The Voice Thief


JOYCE MCMILLAN on THE VOICE THIEF at Summerhall, Edinburgh, for The Scotsman 10.11.14.

3 stars ***

IF YOU’RE looking for a company with the nerve to take theatre for older children into the dark places of the mind and heart, then the work of Catherine Wheels – based in Musselburgh, acclaimed on the international stage – is for you.  Last year, artists Shona Reppe and Andy Manley, with Catherine Wheels, produced the memorable installation-show Huff, a version of The Three Little Pigs that also touched on the horror of war.

And now, in the labyrinthine basements of Summerhall, the Catherine Wheels team – led by artistic director Gill Robertson – have created a promenade show that deals with nothing less than the chill hand of oppressive patriarchal power, robbing girls and young women of their voices, their anger, their indidviduality.  Co-created by Robertson with designer Karen Tennant and performer Ian Cameron, The Voice Thief is a 70-minute experience that occasionally struggles to match the strength of its central idea, as the audience are invited by a pair of spooky twin girl retainers into MIEVH, The Mackenzie Institute For The Encouragement Of Vocal Harmony.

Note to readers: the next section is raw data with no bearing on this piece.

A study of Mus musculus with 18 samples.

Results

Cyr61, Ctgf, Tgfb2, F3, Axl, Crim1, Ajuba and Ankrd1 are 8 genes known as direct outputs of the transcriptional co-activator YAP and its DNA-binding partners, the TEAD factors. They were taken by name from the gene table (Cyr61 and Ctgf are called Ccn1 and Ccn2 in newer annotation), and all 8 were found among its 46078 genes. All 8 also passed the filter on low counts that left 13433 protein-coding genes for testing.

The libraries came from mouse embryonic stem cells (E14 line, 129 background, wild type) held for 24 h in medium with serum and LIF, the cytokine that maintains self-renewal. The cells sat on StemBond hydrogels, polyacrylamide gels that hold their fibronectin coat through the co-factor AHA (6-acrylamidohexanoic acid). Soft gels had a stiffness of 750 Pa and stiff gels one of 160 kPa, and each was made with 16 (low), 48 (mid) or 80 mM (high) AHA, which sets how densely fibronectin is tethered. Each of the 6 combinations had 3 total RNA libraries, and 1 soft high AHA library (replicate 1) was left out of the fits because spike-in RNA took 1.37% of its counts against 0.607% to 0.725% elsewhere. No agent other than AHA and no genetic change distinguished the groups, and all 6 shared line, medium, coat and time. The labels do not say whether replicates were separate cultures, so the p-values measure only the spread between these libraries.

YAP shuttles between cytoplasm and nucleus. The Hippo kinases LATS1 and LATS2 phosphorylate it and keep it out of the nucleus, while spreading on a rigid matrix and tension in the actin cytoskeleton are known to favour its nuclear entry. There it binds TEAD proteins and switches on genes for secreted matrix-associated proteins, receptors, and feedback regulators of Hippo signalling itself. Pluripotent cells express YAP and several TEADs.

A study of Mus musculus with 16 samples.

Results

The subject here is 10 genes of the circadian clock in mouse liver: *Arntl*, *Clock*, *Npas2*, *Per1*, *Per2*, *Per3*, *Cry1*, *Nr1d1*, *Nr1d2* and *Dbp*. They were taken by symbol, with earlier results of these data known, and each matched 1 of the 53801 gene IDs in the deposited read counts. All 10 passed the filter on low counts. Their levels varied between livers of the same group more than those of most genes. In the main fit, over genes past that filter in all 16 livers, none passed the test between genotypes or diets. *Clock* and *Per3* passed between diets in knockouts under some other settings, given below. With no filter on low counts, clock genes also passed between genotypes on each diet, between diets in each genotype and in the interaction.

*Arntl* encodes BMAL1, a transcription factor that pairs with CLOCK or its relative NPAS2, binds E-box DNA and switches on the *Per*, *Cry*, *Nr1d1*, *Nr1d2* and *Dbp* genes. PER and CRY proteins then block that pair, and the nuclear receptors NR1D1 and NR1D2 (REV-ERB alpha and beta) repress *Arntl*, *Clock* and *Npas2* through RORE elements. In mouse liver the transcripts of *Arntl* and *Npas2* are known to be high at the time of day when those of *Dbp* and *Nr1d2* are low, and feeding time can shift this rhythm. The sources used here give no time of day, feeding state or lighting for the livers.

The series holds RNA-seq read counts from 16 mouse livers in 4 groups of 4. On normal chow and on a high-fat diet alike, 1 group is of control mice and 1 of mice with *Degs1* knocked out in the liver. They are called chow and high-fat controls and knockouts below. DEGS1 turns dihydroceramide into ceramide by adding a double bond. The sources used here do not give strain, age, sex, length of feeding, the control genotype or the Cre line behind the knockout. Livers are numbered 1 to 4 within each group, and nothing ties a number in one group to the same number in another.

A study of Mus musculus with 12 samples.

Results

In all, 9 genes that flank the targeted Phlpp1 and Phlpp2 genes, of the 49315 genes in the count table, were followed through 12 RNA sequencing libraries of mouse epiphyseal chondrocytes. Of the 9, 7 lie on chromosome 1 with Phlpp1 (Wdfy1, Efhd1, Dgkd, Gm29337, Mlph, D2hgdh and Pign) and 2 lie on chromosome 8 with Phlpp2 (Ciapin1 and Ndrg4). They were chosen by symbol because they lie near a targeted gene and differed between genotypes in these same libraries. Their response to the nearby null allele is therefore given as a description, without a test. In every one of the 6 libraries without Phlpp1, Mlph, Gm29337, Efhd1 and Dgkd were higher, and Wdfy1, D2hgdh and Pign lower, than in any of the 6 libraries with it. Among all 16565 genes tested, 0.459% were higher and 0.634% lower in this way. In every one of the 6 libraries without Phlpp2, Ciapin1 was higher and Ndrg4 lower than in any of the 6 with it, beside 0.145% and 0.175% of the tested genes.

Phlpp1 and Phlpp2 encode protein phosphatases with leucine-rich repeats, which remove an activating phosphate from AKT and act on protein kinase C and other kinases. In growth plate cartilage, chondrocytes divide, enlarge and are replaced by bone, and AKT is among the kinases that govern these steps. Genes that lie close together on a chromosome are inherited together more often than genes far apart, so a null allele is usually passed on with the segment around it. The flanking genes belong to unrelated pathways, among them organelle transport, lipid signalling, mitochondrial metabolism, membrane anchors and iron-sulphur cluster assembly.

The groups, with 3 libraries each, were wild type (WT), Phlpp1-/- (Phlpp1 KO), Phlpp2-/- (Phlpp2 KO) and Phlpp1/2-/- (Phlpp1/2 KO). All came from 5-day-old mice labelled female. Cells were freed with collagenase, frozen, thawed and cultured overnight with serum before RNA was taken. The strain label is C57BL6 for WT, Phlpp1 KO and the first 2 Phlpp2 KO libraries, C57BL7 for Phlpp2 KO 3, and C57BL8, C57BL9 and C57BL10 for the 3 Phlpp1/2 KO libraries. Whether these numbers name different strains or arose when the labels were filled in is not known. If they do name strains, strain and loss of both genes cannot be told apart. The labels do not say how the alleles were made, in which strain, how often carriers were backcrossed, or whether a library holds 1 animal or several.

At first, all is sweetness and light.  Cameron’s Dr. Mackenzie is an endearing, singing Willie Wonka figure in a white coat and explosive wig, the walls lined with reassuring pictures of the celebrity speakers he has helped; and for rather too long – almost 35 minutes – we are led through a series of experiences that seem more like design ideas than dynamic contributions to the narrative, as we’re invited to don masks, pass through a human car-wash, lie down in a soothing pink tent, and finally settle in a lecture theatre for an explanation of the doctor’s work.

It’s at this point, though, that the story darkens, as the doctor’s lovely daughter Beatrice, beautifully played by Jenny Hulse, begins to rebel against his increasingly controlling instructions, and to lead us into her own magical cave of secretly-saved voices. The power of the metaphor in this final sequence is almost overwhelming, as Beatrice searches for the beautiful voice of her dead mother, and strives to make her escape.  And if the slightly predictable text often seems to have been added as an afterthought to the rest of the drama, the central idea is magnificently realised both in Tennant’s superb design for the laboratory at the heart of Mackenzie’s darkness, and in Danny Krass’s unforgettable soundscape, which captures the full horror of oppression through a subtle symphony of half-muffled squeals and brief soaring notes, in a show that should be irrelevant to the world of 2014, but sadly still seems both timely and necessary.